I sit on the second floor balcony of the Gangapurna hotel on my first full day in Besisahar. Nepali music, with its chiming rhythm, plays across the street. An afternoon pre-monsoon rainstorm has blown in and it sticks around. The wind blows through my hair. I’ve always liked the word tempestuous for these kinds of gusts. Tempting air hints at the greater power behind it. There is so much sound here. It is different than Kathmandu. There are the chirping birds, the calling kids, and the rolling wheels on wet pavement. The foot traffic is endless. I watch two teenage boys pass by in gym shorts—one’s arms on the other’s shoulders. I have friends on other balconies. All are peering down at the entertaining life of the afternoon. It seems everyone has a companion. You work with your family and travel with friends. Independence, or our version of it, does not exist. Plastic, worn prayer flags stretch across the rooftops—dancing against the pinkening sky. The last light has left thin, bright gaps that line the distant ridges against the grey-ed sky. Kids dash between storefronts—skipping over puddles and stray bricks. Potted plants border opened windows and colorful, patterned walls make up multi-storied homes. I think of the mountains, the Himalayas. I longed for them on the trek. They were ultimate. But here, on this thin, dry ledge, I am captivated by the Himalayas of people--each person full of a “mountain-worthy” life force. I hear bright giggles of children below me, just out of sight.
Today I slurped up my first Besisahar mango. I cut into it with my Opinel knife (thanks Ficklen!) and bit into the juicy sweetness. It was energizing to amble through town for lunch. I am quickly learning that the key to unlocking Besisahar magic is acting, and exploring, and engaging. It is humid here. We melted back towards the hotel.
I have discovered that I love learning language. I expected to be frustrated with Nepali as I am comfortable with Spanish. In the beginning, I somehow was thinking in Spanish as I attempted to translate meanings. Now, I enjoy our language lessons and crave more practice and vocabulary. As my homestay begins tonight, my acquistion is a matter of survival.
In the afternoon, Michael took me up to Maigum. It was a gift to be with him in his return after a year of distance. I love these moments—when sustaining memories return to life. We are fed by the visions and sounds of a place once loved, until again, we can return. We walked the path and he shared how many times he has dreamed of this path—of returning along the winding road. As we turned the first s-curve, we were greeted with excited shouts “Mike-uhl!” Two young boys, Sitaraam and Sunnil waved at their “dai” [older brother]. I looked at Michael, wide-eyed and wordless, as I marveled at how the little boys remembered this white man’s face for an entire year after only two weeks of knowing him.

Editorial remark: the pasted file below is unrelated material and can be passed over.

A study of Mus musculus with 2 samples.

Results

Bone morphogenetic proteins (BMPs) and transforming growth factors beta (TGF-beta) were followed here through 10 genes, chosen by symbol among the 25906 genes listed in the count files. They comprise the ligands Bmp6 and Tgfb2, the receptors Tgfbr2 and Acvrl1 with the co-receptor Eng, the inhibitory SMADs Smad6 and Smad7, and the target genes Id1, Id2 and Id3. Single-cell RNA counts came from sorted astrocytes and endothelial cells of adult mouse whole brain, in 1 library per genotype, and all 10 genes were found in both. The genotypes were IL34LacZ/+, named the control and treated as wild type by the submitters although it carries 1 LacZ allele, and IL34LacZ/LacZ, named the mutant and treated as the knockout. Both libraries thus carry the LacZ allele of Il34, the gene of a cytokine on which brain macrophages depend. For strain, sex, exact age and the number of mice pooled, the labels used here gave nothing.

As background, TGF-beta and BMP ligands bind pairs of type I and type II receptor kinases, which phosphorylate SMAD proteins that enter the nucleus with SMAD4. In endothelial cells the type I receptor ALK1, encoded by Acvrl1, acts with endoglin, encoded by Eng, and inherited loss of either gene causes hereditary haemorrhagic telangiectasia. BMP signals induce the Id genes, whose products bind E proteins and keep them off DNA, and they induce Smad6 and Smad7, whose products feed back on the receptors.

It was wild walking up with this group. I walked alongside Michael, my skirt bunched in my hands. The little ones moved around us. I felt like an anthropologist! The boys spoke with Michael excitedly as I picked out familiar Nepali words and then Michael turned to catch me up in English. I think a lot of the conversation I was able to intuit even without understanding the verbal language. Just by the rhythm and expressions, I could follow the movement of the interaction.
We walked the path and found Michael’s aamaa [mother] carrying fodder back down to Besi. We crossed the swollen creek as two water buffalo poked their heads out from a deepened puddle. We climbed up impressive stone staircases and through terraced cornfields. I looked across the valley at the opposing ridge. A goat parade of whites, browns, and spotteds tramped along the thin trail. I followed behind Michael’s gingerly placed flip-flopped steps.
I couldn't get over how special it was to be with Michael as he encountered these familiar faces. So many excited “Namaste”’s. Just as we entered into the village, it began to pour. We were soaked. At one point, Michael turned and asked if I wanted to put on my jacket. We laughed as we both knew it was too late for this. And what a place, to know that here, it really does not matter.
The village is set in the hill and as we climbed through the many “front porches” of Pariaar families. We looked back down on Besi as the sky cleared. It was breath-taking. Not so much natural beauty but more so the vision of these people set in a wild place—together. As we made our way back down the hill, my eye caught a huge grasshopper right under my skirt. We paused to admire, before continuing our walk. Before long, I spotted a thick black linear movement along our path. I looked down to see thousands of ants following this obscure, winding line across the path. Hundreds of them, one after another, none breaking ranks as they made their way across to the other side. We made it back to Besisahar, still soggy, but drying and full of hopes for our next two weeks.
Home is in North Carolina. But, I take seriously Wendell Berry's imperative, "Be like the fox who makes more tracks than necessary, some in the wrong direction."